It is heartening to learn our Supreme Court Chief Justice Dipak Misra is in discussion with his four senior-most colleagues on the issues they raised at their January 12 press conference. At this conference Justices Jasti Chelameswar, Ranjan Gogoi, Madan B. Lokur and Kurian Joseph of the Apex Court accused Chief Justice Misra of selectively assigning cases of “far-reaching consequences to the nation.” They complained they tried to persuade the Chief Justice to take remedial measures but failed.
The current friction between the Chief Justice and his esteemed colleagues is very unfortunate . This has long been a well-settled principle that the Chief Justice is the master of the roster. He/ she determines the composition of Benches and their work. The convention herein is the Chief Justice hears all important cases of public interest or sensitive matters . If he/she cannot for some reason, such cases would be assigned to the next senior-most judge.
Some well-meaning groups rightly suggest that a Full Bench of the Apex Court headed by the Chief Justice must ponder over and resolve the issues raised by the four judges. An independent, impartial judiciary is the hallmark of our democracy. Any infighting within the Apex Court would create doubt as to its integrity. Our democracy cannot afford it.
Presently, the Apex Court is seized with several crucial issues such as those related to the on-going Delhi-Centre power tussle and the Aadhar scheme controversy. The Court must focus on them. More importantly, the Court must ensure that its directives against allegedly criminal elements in our politics are complied with. Currently, over 34 per cent of our Members of Parliament have criminal cases pending against them. The scenario in our legislative bodies in various provinces is not much different. Recently, the Supreme Court has asked the Centre to establish special courts to try politicians facing criminal cases. Earlier , the Court had directed that all cases against such politicians be disposed of within one year.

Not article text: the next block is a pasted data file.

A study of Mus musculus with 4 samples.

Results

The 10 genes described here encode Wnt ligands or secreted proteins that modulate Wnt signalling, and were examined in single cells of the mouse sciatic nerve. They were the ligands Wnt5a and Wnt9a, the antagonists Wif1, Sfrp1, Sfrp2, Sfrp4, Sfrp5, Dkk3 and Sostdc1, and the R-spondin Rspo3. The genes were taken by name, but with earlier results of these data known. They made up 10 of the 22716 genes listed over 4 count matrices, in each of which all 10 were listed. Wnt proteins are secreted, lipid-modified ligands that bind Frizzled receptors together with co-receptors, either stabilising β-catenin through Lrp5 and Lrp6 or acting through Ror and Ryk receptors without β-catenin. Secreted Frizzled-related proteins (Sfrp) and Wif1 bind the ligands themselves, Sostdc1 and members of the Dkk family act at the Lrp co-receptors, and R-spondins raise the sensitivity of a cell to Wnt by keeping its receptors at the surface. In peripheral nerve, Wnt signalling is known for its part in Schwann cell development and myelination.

There is a near consensus across our enlightened non-partisan public spectrum today that our judiciary must intervene wherever the Government deviates from our constitutional agenda. A fundamental reason for the lack of good governance and all- inclusive development in India is that our political class has by and large not been true to the spirit of our Constitution. The Constitution assures good governance and all-inclusive development . Elected representatives legislate and ultimately run our parliamentary government. If they themselves are criminal and corrupt, good governance cannot even be conceived.
The Court must do whatever is needed for the sake of our Constitution. Fortunately, the Apex Court has already held that our law must necessarily be just, fair and reasonable. The Court has also propounded the doctrine of basic structure. This makes it clear that our Parliament’s power to amend our Constitution is not absolute.